Do We Need Carbs?…Are They All Equal?

Today we’re talking nutrition and asking the question: Do we need carbs? And are all carbs made equal?

 Firstly, ask yourself: what do you think about carbs?

– Carbs make you fat
– All carbs are bad
– Cut out carbs to lose weight
– Cut out bread, pasta, rice, cereals & potatoes for a zero carb diet

Q: Are the statements above true?    A: No, they are not strictly true

What Are Carbs And Why Do We Need Them?

Carbohydrates (CHO) are our main source of energy readily providing the body with the glucose needed to fuel nearly all bodily functions and movement.

Whilst we can function on low carb diets they are not recommended as carbs are undoubtedly our best source of energy, they can easily be broken down and converted into valuable glucose allowing our bodies to function more efficiently.

  Carbs are found in the most abundance in starchy foods such as pasta, rice, potatoes and grains, they can however also be found in many foods including fruit & veg, dairy, drinks & snack foods.
Whilst the energy content of all carbs is the same, this being 4Kcal/Gram they are far from equal in quality, eg. you already know that a bowl of oats is better  than a bowl of sugar regardless of them belonging to the same nutrient group.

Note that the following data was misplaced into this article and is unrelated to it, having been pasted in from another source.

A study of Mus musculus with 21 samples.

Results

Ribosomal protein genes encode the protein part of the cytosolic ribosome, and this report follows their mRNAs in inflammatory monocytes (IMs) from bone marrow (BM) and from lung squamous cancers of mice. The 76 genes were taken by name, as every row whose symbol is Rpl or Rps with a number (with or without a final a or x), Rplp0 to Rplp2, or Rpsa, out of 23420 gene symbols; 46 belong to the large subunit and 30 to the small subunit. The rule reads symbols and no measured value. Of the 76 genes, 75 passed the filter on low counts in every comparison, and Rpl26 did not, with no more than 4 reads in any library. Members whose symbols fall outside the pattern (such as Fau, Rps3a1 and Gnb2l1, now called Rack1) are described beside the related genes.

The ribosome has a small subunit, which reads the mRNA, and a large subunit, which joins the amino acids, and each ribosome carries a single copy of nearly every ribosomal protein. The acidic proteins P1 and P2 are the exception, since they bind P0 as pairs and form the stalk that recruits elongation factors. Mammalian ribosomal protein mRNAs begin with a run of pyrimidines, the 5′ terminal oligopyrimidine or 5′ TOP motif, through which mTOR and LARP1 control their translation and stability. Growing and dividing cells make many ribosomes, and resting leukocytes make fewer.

How Do I know Which Carbs To Eat?

So now we know: Carbs are essential but not all equal. It is very true that if we eat too many or the wrong ones we will indeed gain fat, and this is where they get their bad reputation from.

We rate the value of a carbohydrate on the speed at which it’s metabolised into glucose (sugar) in the blood which is then either used or stored, this can be rated on a scale of 1-100 known as the GI index  –>

  Foods scoring well on the GI index tend to be high in fibre and have a more complex molecular structure such as wholegrain, oats and vegetables.

  The foods scoring poorly are those that consist of simple molecular structures and a poor fibre content with sugar being at the top.

   Refined and sugary foods such as sweets, cakes and white pasta, rice & bread are lower in fibre and their simple molecular chains allow them to be broken down to glucose quickly.

  In order to regulate blood sugar, energy levels and hunger we should always choose high fibre, complex carbohydrates scoring well on the GI index, these include:

– vegetables
– some fruits
– wholegrains
– Oats
– Pulses
– Sweet Potato

 Simple Switches Can Make  A Difference, Try The Following:

– switch cereal to porridge
– switch white rice, bread & pasta to wholegrains & seeded bread
– switch sugary snacks and sweets for fruit, veg or a small handful of nuts

 How Many Should I Eat?
A portion of Carbs is equal to one curled palm (curl for carbs) when dry. We should aim for 5-7 of these spread throughout the day.